In the midst of a deadly heat wave during the summer of 1834, a woman clawed her way over the wall of a Roman Catholic convent near Boston, Massachusetts and escaped to the home of a neighbor, pleading for protection. When the bishop, Benedict Fenwick, persuaded her to return, rumors began swirling through the Yankee community and in the press that she was being held at the convent against her will, and had even been murdered. The imagined fate of the "Mysterious Lady," as she became popularly known, ultimately led to the destruction of the Ursuline convent in Charlestown, Massachusetts on the night of August 11, 1834 by a mob of Protestant men.
After battering down the front door, the men destroyed icons, smashed pianos, hurled the bishop's library into a bonfire, ransacked the possessions of both sisters and students, and finally burned the imposing building to the ground. Not satisfied with this orgy of vandalism, they returned the following night and tore the lovely gardens up by the roots. The ruins sat on Mount Benedict, a hill overlooking Boston Harbor, for the next fifty years. The arsonists' ringleader, a brawny bricklayer named John Buzzell, became a folk hero. The nuns scattered, and their proud and feisty mother superior, Mary Anne Moffatt, who battled the working-class rioters and Church authorities, faded mysteriously into history.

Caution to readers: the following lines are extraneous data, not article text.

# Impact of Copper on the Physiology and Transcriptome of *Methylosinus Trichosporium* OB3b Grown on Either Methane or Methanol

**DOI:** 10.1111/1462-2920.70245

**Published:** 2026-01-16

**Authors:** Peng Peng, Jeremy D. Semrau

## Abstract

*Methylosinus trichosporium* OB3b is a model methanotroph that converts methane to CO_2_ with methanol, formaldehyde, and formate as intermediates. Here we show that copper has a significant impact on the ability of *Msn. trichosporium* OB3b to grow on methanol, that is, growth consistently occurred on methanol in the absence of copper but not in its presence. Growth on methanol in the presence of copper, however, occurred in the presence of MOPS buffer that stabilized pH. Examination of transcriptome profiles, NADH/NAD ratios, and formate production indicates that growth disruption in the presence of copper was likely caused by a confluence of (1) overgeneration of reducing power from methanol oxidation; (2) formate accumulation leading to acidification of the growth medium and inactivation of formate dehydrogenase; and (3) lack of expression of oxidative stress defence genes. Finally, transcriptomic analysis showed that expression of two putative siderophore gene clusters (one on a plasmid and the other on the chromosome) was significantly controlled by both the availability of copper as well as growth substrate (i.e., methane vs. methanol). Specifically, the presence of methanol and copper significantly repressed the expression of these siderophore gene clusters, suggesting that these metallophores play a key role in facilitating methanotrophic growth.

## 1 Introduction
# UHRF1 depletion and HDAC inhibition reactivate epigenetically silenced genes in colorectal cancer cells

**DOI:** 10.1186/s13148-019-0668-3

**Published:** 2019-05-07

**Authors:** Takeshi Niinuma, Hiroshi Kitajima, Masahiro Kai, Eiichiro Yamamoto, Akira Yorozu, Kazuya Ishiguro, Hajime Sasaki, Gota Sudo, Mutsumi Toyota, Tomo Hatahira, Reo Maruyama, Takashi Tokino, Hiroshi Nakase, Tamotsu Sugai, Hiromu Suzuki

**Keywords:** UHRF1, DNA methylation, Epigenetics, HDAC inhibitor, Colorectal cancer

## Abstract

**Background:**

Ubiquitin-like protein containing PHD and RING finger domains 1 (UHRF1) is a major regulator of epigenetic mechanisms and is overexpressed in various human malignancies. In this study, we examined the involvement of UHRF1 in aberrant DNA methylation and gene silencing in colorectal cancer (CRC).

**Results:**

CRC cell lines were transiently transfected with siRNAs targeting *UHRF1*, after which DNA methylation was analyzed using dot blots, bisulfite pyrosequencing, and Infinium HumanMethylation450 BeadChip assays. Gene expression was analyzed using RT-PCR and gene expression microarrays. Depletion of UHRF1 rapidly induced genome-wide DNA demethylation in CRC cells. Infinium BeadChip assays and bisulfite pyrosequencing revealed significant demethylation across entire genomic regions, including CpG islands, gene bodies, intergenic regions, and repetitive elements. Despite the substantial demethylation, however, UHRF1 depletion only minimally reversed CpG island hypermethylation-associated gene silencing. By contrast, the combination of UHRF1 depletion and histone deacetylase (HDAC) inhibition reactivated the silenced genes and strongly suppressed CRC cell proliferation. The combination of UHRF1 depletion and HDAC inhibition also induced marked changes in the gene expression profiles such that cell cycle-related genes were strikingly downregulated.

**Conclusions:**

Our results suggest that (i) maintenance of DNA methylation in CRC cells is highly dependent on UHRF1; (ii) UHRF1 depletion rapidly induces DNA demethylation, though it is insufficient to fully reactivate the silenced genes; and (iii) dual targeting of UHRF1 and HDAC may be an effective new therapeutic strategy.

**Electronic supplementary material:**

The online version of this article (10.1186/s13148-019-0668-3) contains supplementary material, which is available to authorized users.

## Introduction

Nancy Schultz brings alive this forgotten moment in the American story, shedding light on one of the darkest incidents of religious persecution to be recorded in the New World. The result of painstaking archival research, Fire & Roses offers a rare lens on a time when independent, educated women were feared as much as immigrants and Catholics, and anti-Papist diatribes were the stuff of bestsellers and standing-room-only lectures. Schultz examines the imagined secrets that led to the riot and uncovers the real secrets in a cloistered community whose life was completely hidden from the world. She provides a glimpse into nineteenth-century Boston and into an elite boarding school for young women, mostly the daughters of wealthy Protestants, vividly dissecting the period's roiling tensions over class, gender, religion, ethnicity, and education. Although the roots of these conflicts were in the Puritan migration to America, it was ultimately the mob's perverse fantasies about cloistered women -- in an independent community -- that erupted in a combustible night of violence.
By unearthing the buried truth and bringing alive these fascinating characters, Nancy Schultz tells a gripping story of prejudice and pride, courage and cowardice in early nineteenth-century America that not only restores a clouded chapter in the country's history but also has a poignant resonance for our own times.